Jamie, below, expresses his displeasure over a new poll finding that Connecticut voters, if they had to do it over again, would vote for Ned Lamont over Joe Lieberman by a margin of 51-37. I don't find Jamie's argument convincing. Let me go through it point-by-point.
1. Jamie writes that the poll "was commissioned by the Daily Kos (which the Times doesn't bother to mention, instead linking to a blog called "My Left Nutmeg,") and conducted by an obscure outfit called "Research 2000." That should tell you something, given Kos's history with Lieberman."
Well, no, it doesn't tell you anything. Daily Kos paid for the poll because they were interested in the results. But Research 2000 is not obscure, it is a well-respected non-partisan polling firm with a solid record of forecasting this primary.
2. Jamie argues, "even the poll's own findings show it to be inaccurate. 48% of poll respondents said they voted for Lieberman in 2006 and 43% said they voted for Lamont. Lieberman actually won the 2006 election, however, 50% to 40%. So the poll's own purported sample is biased in favor of Lamont."
First of all, 48-43 is extremely close to 50-40 -- within the statistical margin of error. Second, it's a known phenomenon that people often misremember who they voted for in a previous election. They tend to recall voting for the winner, or the candidate they retrospectively wished they voted for. In the early years of the George W. Bush presidency, when he was popular, majorities of voters reported having chosen him over Al Gore. Polls famously showed huged majorities of those who voted in 1960 claiming to have supported Kennedy, who actually won a razor-tight victory. So, to the extent that the number claiming to have voted for Lamont has risen above the actual figure, it's more evidence that voters do indeed have buyers' remorse.
3. Jamie continues, "Statistical errors aside, the Times editorial board obviously has a dog in this fight, as they endorsed Lamont in the Democratic primary."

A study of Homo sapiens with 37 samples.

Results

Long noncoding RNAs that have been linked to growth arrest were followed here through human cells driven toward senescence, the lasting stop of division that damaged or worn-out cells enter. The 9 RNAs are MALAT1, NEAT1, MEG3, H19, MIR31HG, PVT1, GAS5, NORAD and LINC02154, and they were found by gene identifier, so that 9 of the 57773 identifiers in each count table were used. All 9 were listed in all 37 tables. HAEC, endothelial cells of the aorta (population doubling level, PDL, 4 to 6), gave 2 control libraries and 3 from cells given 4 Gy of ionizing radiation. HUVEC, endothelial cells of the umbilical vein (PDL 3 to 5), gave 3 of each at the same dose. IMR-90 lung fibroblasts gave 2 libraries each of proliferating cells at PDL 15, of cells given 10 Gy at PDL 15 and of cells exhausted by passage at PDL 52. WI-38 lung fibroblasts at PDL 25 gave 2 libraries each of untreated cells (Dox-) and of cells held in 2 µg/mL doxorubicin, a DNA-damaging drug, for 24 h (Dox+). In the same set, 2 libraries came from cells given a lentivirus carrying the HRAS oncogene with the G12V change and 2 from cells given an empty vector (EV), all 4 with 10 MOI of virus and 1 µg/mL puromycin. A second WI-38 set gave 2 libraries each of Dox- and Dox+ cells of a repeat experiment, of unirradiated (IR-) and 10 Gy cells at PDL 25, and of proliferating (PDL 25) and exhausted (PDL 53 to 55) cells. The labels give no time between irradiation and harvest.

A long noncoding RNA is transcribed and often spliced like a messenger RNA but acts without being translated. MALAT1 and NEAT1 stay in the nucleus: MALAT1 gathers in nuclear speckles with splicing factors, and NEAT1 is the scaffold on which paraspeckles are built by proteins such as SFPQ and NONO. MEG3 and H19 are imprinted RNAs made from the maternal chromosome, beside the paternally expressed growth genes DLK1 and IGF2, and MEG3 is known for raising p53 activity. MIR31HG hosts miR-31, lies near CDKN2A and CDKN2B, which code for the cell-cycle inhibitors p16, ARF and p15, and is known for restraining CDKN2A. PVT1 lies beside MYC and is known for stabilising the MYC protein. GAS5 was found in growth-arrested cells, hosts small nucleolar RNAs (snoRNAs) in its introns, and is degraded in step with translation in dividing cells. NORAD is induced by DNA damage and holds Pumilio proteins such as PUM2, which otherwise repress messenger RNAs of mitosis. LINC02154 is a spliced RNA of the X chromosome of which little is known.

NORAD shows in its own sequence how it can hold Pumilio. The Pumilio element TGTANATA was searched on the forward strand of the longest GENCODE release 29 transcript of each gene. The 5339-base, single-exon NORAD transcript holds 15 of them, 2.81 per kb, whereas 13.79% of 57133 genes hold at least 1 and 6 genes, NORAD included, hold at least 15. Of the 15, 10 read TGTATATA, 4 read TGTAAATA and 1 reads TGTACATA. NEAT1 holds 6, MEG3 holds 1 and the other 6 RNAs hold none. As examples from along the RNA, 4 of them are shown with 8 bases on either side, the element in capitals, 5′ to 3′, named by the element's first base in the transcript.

True (the part about the Times, not the alleged statistical errors), but of course Jamie has a dog in this fight as well.
4. Jamie concludes, "But Lieberman ran -- very obviously -- as a pro-war candidate in 2006. It shouldn't be a surprise to anyone who has actually paid attention these last few years, never mind the voters of Connecticut, that Lieberman winded up endorsing the presidential candidacy of John McCain -- who supports a continued presence in Iraq -- over either of the two Democrats, who claim the war is a failure and support withdrawal. The antiwar left can complain about Lieberman all they want, but they lost fair and square. To say that Lieberman somehow tricked the voters of Connecticut two years ago is just desperate."
Yes, Lieberman ran as a pro-war candidate. He also ran as a loyal Democrat. Nobody is saying that every single claim Lieberman made in 2006 was wrong. They're only saying that the claims he made about his loyalty to the Democratic Party were wrong. Lieberman did not specifically promise not to endorse the GOP presidential nominee, or speculate that the Democratic nominee -- whose endorsement Lieberman actively solicited in the primary -- is a Marxist. I think it's pretty clear that Lieberman today is a much different, and more pro-Republican, candidate than he was in 2006. Indeed, Lieberman himself recently said, in the course of lavishing praise on Rush Limbaugh:
to show you how much things have changed for me, one of my greatest missions this year is to convince Rush to support the Republican candidate for President!
So I don't think even Lieberman himself is claiming that nothing has changed. In any case, the proof is in the pudding. A year and a half ago, Connecticut voters preferred Lieberman over Lamont by a ten point margin. Today they prefer Lamont bya fourteen point margin. Either the Connecticut electorate has shifted radically to the left, or Lieberman has in fact acted much differently than those voters were led to believe.